The Lakshadweep administration on Saturday issued fresh tenders for the construction of 370 villas to boost tourism in the ecologically-fragile Kadmat, Minicoy and Suheli islands, despite opposition from scientists.

The public-private partnership project, proposed by government’s think-tank NITI Aayog and the Ministry of Home Affairs, aims to build Maldives-like beach and water villas on the islands. The initial investment for the project is Rs 266 crore, and additional investment amounts to Rs 788 crore, The Hindu reported. Developers will be granted 75 years to raise funds and complete the tourism project.

In January 2020, 114 scientists from over 30 universities had flagged the dangers posed by the project to the islands’ lagoons and beaches. They urged the Lakshadweep administration to rethink their decision, wildlife biologist-turned-journalist Aathira Perinchery wrote in an article for The Hindu.

In June this year, 60 scientists and researchers had also urged President Ram Nath Kovind to withdraw the Lakshadweep Development Authority Regulation, 2021, which empowers the administration to acquire any piece for development.

“It [the draft LDAR] will severely threaten the future survival of these beautiful atolls and its inhabitants,” the signatories said in a petition, according to Carbon Copy, a news website tracking developments in the climate and energy sector. “All these inshore reefs and underwater grasslands may be in deep peril if an ambitious tourism project – involving the construction of beach and water villas offering 370 rooms – becomes a reality.”

Experts also fear that the decision may exacerbate climate change effects on the islands.

Asker Ali, the nodal officer for the tourism project, told Carbon Copy that necessary permissions have been taken for the project. “People have the right to live a better life, access better education, amenities and development,” he said.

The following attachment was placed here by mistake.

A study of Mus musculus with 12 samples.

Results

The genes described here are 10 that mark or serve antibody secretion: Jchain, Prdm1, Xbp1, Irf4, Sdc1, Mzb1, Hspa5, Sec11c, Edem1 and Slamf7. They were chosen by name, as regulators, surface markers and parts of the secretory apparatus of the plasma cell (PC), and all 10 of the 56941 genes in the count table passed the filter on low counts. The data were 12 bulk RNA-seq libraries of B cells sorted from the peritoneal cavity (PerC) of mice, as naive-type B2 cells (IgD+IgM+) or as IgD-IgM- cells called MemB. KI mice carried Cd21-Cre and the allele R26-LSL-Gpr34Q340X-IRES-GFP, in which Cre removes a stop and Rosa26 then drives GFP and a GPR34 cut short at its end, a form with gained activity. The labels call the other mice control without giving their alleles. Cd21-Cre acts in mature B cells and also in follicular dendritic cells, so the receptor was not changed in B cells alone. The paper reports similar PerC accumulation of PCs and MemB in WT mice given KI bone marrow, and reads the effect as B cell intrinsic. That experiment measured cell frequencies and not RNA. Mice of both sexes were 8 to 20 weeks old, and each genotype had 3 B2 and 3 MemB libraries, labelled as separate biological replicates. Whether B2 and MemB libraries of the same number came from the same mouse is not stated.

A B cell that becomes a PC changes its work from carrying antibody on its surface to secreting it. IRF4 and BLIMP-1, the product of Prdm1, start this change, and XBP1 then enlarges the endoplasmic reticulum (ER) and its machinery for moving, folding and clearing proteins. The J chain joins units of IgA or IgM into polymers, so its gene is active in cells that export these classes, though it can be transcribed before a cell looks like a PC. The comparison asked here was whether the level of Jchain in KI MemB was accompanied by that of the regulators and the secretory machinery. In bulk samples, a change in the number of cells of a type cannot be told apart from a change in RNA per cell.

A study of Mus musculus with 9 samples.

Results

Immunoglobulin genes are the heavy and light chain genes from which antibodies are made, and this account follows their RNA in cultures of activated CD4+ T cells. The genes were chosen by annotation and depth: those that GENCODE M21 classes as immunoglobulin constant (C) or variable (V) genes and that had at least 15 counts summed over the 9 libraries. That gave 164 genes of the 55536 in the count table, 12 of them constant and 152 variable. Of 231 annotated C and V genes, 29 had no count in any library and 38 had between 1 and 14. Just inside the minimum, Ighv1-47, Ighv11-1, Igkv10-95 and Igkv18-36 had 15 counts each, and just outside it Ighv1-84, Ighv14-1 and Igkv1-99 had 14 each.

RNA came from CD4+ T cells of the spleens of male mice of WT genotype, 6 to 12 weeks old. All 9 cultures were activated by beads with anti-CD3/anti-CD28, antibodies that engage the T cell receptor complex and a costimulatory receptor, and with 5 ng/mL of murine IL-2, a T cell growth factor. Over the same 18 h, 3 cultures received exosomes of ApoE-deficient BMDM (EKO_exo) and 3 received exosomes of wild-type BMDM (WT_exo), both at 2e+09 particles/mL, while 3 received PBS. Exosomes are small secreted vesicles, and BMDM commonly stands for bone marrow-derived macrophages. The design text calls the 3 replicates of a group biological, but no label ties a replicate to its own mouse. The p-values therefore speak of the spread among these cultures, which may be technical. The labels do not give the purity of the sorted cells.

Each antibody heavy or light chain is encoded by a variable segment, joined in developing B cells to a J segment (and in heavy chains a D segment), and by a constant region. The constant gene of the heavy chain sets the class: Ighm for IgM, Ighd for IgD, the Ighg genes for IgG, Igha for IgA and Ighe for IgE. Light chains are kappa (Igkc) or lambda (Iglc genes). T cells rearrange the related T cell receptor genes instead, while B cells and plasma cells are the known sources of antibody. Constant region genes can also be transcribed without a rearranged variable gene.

Also read: As Lakshadweep protests development plans, study urges safeguarding islands from future sea rise

The official added: “We welcome all criticism and suggestions of our scientists and conservationists , as it will only help us to improve. However, we want to assure we are sensitive towards coral reefs, which are a paradise for tourists and means of livelihood for local people. Why would we destroy that?”

In May, Lakshadweep administrator Praful Khoda Patel had issued a slew of regulations for the islands, triggering outrage among the residents. Apart from the draft law proposing sweeping changes in land development regulations, it includes a proposed cow slaughter ban and a preventive detention law.

On June 7, the residents of Lakshadweep sat for a 12-hour-long hunger strike and staged demonstrations at beaches and their homes in protest against the proposed regulations.

Opposition parties have also criticised Patel’s decisions related to the Union Territory and demanded his removal from the post. The parties accused him of harassing locals and destroying the heritage of the island territory. Politicians have also alleged that Patel, who had served as Gujarat home minister, has been targeting Lakshadweep’s large Muslim population.

On June 5, a group of 93 former civil servants wrote to Prime Minister Narendra Modi, expressing concern over the proposed regulations. They also demanded Patel’s removal for the post.

In May, the Kerala government passed a resolution against the policies and urged the Centre to call back the administrator.